I had originally started this post as an ‘boy it is a small trails world’ post, about how closely connected most people are around the country to AMC. As staff have left the caretaker program, they have found themselves in the West, Midwest, South, Alaska, Antarctica, and even Germany (Guten Tag Tobias Carter!). As they move throughout the country, and across the globe, they build out the network. And so the small world continues to grow.
But, however, my plans for this post have changed, once I received the above photo. All I could think was ‘caretakers rule.’
This photo is of two caretaker alums Sarah Hayes (Nauman 2009) and Kate Orlofsky (Guyot fall 2013 and Speck! Pond 2014). Both of them spent the winter together working in Denali National Park working with the Park Service kennels, driving dog teams on patrols through the Park.
Sarah, after leaving AMC, has worked off and on for the Park since 2010, but has since landed a full time position with the Park and calls Alaska home. Kate is not new to the lifestyle of dogsledding, having spent two winters working for the Mahoosuc Guide Service in Newry, ME, with Yukon Huskies that are very similar to the Denali dogs. Kate feels an ultimate pull towards scientific field research, so I expect her to be falling into a PhD program at some point.
I knew both of these incredible women during there time here at AMC. I thrashed around in the brush with Sarah doing boundary work along the Appalachian Trail. I sat at the edge of Speck! Pond with Kate, talking about adventures to be had and how to make decisions about life. I shared so much laughter with each of them, and have stayed in touch with both of them as their adventures took them far and wide. (I also was invited to Sarah’s wedding, and am still disappointed I wasn’t able to make it work!). How I wish that I could have spent one week in their company in Denali this past winter.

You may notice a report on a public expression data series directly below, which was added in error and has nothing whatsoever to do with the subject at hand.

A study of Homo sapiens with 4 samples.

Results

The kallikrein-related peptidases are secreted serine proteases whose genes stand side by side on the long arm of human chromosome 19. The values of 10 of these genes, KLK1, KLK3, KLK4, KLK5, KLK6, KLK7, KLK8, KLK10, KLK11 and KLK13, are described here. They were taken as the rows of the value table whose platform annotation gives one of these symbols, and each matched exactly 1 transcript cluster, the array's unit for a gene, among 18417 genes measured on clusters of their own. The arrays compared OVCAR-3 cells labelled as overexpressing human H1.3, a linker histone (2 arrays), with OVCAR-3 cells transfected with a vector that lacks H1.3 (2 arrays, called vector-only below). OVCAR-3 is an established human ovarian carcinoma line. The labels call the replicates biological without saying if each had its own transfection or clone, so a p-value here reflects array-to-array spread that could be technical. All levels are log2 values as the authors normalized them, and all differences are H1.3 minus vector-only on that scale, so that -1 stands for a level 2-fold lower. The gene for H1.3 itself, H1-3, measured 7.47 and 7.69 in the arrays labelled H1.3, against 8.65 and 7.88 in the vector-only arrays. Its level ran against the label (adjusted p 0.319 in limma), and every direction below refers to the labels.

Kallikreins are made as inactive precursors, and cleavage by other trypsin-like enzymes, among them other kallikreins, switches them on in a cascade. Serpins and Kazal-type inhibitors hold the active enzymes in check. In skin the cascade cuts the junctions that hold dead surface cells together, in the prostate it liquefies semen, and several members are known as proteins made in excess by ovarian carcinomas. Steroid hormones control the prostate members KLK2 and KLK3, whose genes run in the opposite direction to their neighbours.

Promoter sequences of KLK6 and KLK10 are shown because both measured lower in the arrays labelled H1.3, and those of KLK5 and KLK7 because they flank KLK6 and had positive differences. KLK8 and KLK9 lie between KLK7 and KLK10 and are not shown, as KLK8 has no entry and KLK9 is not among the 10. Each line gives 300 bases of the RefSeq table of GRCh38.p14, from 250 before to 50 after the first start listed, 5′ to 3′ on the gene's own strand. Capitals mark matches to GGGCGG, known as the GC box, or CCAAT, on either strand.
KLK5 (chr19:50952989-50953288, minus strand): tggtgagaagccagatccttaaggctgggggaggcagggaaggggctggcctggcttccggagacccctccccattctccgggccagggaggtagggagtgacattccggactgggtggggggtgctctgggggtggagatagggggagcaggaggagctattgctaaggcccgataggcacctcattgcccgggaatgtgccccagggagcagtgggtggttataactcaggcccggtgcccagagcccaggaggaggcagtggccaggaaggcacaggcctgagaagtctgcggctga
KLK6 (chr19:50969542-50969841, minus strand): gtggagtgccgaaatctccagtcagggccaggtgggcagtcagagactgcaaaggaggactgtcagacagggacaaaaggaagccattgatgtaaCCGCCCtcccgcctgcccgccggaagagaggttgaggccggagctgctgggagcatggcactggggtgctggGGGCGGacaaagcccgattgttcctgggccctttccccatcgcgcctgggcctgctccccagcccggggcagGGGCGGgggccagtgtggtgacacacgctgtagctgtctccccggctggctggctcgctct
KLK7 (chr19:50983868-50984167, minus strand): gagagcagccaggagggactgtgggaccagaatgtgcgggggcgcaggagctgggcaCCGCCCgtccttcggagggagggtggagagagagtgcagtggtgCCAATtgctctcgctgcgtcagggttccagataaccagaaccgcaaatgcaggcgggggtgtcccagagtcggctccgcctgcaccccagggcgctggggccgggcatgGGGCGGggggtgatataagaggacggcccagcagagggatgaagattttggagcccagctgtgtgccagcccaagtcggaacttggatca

Both Kate and Sarah exemplified, during their time here, all that a caretaker can be. They were positive and sought to make positive change in the world. They both did incredible work and served above and beyond in their posts as stewards. It is powerful to know that they are continuing to make the world a better place, just as they did here in the White Mountains.
In addition to writing about how caretakers rule, it is also worthy to note their gender. When Sarah was a caretaker, she was one of two women of 12 caretakers. When Kate was a caretaker in 2014, she was one of four in a team of 12.
This year, 2016, I am thrilled to announce that seven caretakers out of 12 will be women. Yes. That’s over 50%.
Women in the trails field have for a long time been rare. A photo of the AMC trail crew from the 1970s hangs in our Trails offices, and there are no women. During the 10 years I’ve been involved with the caretaker program, the percentage of women has been usually around 30%, and that percentage also reflects the percentage of women who applied. When I was hired into my position in the Trails department, I was the only full time woman in Trails at the time.
Gender is only one of the many lenses that one can apply to the world, one of the many ways to measure equity. In recognizing gender, I am not disregarding the various other forms of inquity. I am acknowledging it because when there are more women in the caretaker office, it feels different.
Caretakers rule. And I’m so thrilled that, for the first time, there are just as many women as men.
(also worthy of note? That the Trailmaster for the White Mountain Professional Trail Crew is a woman. Yes.)